Sunday, May 31, 2015

What High School Taught Me

My little brother is no longer a high school student.  That sentence scares me.  The absolute certainty of this phrase frightens me even more. He has his diploma, there is no taking it away from him now.

I've been "stuck" with him for the last eighteen years of my life and I don't know what I'm going to do when me becomes my equal instead of my kid brother who is a foot taller than I am.  We have been partners in crime since before the beginning of time.  When he was four-years-old we took a spin on a toy roller coaster he had been given for his birthday.  One Christmas morning, while we were in elementary school, we watched The Lion King 2 over and over until it was, and still is, fully engraved into my brain.  We watched it so much I STILL have the entire movie memorized and can serenade you with each and every one of the songs.  Chan and I debated together his freshman, my senior, year. I've taught him my secrets, he has been my best friend.

Now he's leaving.

In September he will be serving a full-time mission, just as I did, for the Church of Jesus Christ of Latter-Day Saints in Novosibirsk, Russia.  My brother is going to speak Russian.

First things, first.  HE GRADUATED THURSDAY!  As I was seated in Utah State University's basketball stadium my aunt leans over to me.  "Hey, did you know you were quoted in this year's yearbook?"  What?  I was quoted in the yearbook?  What did I say?  I hope it was appropriate. . .

My senior year, 2012, I was asked what advice I had for the underclassmen.  In 2015, my advice was once again given again to the new generation of Bobcats.  My advice is,

"You'll go through high school just waiting to finally get out, only to wake up one morning and dread graduation.  Once graduation comes you won't be going to school with the same people you shared your chocolate milk with in Kindergarten.  Don't forget about those few people who made you the person you are.  Make the last year count and have no regrets."

I was speaking eighty-nine percent from personal experience. My best friend in kindergarten was living in a completely different school system when I was able to throw my cap and walk away, diploma in hand.  **UPDATE: I was at my kindergarten best friend's wedding**  In those twelve years apart I learned some pretty important things.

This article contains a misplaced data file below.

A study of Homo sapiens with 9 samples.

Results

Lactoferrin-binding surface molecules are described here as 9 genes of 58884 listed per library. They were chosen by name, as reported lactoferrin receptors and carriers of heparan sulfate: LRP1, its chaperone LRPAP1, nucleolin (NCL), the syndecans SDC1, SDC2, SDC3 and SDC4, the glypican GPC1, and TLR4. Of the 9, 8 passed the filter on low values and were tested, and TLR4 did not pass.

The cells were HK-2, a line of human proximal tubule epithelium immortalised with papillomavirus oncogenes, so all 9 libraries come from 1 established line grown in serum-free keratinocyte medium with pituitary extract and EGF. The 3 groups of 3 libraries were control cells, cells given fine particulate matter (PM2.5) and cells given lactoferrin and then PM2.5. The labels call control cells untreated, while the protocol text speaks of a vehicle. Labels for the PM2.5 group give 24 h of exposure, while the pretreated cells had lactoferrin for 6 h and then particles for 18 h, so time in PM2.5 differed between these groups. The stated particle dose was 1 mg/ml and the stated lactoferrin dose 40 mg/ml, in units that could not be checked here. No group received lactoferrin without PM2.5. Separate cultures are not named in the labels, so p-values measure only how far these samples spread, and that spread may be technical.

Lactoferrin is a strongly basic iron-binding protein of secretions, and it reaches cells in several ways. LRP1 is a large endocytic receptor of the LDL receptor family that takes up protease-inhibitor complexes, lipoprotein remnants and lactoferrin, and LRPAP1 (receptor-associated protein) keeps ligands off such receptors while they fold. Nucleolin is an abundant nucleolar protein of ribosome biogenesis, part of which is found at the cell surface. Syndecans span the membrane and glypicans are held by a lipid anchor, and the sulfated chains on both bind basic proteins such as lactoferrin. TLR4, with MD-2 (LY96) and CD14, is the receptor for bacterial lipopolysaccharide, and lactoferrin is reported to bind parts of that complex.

Don't let your emotions surmount what the intellectual side of your brain is telling you to do.  It is so easy to get caught up in what we want to do right then in the moment, we ignore what we know we shouldn't be doing.  It's a dieter's hardest temptation.  The emotion is yelling and screaming, "eat the extra cupcake! There's one left and if no one eats it, it is going to get thrown away.  Do not waste food, there are children in this world starving and you are throwing away good food."  That is waht your emotion is saying to you.  Your intellect is whispering and reminding you that eating that cupcake is not actually going to help a starving child.  It's just going to make you feel worse about yourself in the long run.  Resist the urge to let your emotions overcome your intellect.

Date the ones that are nice to the waitress.  I am a waitress.  Every single person in this society should have to serve food at one point or another to understand how to treat us.  I am guilty of not being a very good guest to waitresses in high school.  I had a habit of giving them a big fat ZERO dollar tip.  This, I am not proud of at all. I went on dates where my date gave an extremely lousy tip.  Why? As my high school mind would think, because waitresses are below us and will make a lot of money anyways.  Date people that treat every single person they meet like they are their equals.  Let's face it, we are all humans, we are all trying to get through this life.  Nobody is "better" or "worse," we are the same.  If you date someone who treats everyone as well as he or she possibly can, you found a good one.   

You are never as interesting as you think you are.
 Enough said.  I'll get off my soapbox now.